Education Minister Chris Hipkins is set to become New Zealand’s next prime minister. He was the only candidate to enter the contest Saturday to replace Jacinda Ardern. Hipkins, 44, must still garner an endorsement from his Labour Party colleagues, but that is just a formality now.
Ardern shocked the nation of 5 million people on Thursday when she announced she was resigning after five-and-a-half years in the top role.
The lack of other candidates indicated party lawmakers had rallied behind Hipkins to avoid a drawn-out contest and any sign of disunity following Ardern’s departure.
Hipkins will have only a little more than eight months in the role before contesting a general election. Opinion polls have indicated that Labour is trailing its main opponent, the conservative National Party.
Hipkins rose to public prominence during the coronavirus pandemic, when he took on a kind of crisis management role. But he and other liberals have long been in the shadow of Ardern, who became a global icon of the left and exemplified a new style of leadership.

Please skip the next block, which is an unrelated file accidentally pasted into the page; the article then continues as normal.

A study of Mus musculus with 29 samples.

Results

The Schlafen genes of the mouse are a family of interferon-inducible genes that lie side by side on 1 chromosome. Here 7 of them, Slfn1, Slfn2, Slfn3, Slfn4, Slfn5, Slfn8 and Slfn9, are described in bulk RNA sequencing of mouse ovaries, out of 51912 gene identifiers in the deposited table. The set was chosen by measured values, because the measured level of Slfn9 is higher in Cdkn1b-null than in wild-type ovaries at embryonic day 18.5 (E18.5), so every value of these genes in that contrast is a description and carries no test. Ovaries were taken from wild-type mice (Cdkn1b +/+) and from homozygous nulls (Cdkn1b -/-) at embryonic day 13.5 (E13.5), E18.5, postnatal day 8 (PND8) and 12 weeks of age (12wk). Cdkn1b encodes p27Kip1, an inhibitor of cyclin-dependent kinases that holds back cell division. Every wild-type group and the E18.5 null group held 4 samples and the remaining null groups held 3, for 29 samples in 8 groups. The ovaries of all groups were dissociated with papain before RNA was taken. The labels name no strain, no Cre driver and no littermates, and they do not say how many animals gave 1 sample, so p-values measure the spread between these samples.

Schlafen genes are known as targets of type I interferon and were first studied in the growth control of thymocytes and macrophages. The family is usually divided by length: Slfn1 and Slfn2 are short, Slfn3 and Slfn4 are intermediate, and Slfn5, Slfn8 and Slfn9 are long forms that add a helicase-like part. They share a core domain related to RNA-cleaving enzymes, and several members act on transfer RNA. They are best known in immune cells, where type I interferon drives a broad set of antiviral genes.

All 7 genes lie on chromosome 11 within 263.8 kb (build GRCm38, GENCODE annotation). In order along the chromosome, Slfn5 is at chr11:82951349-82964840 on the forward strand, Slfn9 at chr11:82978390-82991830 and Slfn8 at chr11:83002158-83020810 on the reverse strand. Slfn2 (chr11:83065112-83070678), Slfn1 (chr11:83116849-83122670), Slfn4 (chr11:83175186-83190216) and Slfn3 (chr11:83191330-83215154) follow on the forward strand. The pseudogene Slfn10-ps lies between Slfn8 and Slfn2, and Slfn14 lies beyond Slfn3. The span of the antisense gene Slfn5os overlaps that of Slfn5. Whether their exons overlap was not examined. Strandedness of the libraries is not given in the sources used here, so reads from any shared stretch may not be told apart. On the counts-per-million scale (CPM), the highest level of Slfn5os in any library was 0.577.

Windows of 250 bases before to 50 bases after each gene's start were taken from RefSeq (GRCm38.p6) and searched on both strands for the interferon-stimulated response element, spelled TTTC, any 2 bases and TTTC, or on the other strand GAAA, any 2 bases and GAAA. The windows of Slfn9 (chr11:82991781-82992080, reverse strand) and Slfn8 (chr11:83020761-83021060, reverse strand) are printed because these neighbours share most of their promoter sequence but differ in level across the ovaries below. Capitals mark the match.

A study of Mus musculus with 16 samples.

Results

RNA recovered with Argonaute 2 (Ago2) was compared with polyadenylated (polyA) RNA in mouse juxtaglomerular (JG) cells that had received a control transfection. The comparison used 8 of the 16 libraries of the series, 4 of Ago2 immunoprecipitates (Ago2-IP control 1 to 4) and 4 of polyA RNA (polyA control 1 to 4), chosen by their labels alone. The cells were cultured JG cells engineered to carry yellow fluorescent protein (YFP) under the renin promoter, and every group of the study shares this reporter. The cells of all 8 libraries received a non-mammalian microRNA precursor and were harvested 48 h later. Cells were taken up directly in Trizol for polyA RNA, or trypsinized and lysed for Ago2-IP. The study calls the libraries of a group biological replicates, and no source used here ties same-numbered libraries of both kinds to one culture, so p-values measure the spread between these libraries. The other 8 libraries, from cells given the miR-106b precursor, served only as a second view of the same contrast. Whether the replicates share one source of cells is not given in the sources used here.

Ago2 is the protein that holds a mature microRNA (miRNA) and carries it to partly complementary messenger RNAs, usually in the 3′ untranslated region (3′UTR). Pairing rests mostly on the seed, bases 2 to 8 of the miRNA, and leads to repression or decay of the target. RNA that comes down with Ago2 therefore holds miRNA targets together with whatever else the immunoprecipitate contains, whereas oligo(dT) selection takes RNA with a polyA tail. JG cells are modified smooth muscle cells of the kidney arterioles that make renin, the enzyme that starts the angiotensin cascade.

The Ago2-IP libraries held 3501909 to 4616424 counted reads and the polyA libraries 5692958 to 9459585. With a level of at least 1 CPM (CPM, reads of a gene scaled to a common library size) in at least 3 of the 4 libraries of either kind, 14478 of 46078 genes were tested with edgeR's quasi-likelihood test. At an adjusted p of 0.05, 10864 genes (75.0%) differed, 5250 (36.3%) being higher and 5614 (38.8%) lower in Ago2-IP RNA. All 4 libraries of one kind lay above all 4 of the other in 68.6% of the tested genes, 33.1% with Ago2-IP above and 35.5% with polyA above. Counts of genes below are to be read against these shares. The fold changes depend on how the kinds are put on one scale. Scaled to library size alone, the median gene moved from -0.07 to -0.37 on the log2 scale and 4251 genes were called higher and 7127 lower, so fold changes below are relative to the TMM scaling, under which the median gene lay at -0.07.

Besides holding the education portfolio, Hipkins is also minister for police and the public service, and leader of the House. He is known as a political troubleshooter who has taken on a variety of roles to try to iron out problems created by other lawmakers.
But he’s also committed some gaffes of his own, like when he told people during a virus lockdown that they could go outside and “spread their legs,” a comment that drew plenty of mirth on the internet.
Hipkins said he wouldn’t be announcing changes to policy or ministerial roles before Sunday’s vote, other than to say Grant Robertson would remain finance minister.
A lawmaker for 15 years, Hipkins is considered more centrist than Ardern and colleagues hope that he will appeal to a broad range of voters.
Among his biggest challenges during an election year will be convincing voters that his party is managing the economy well.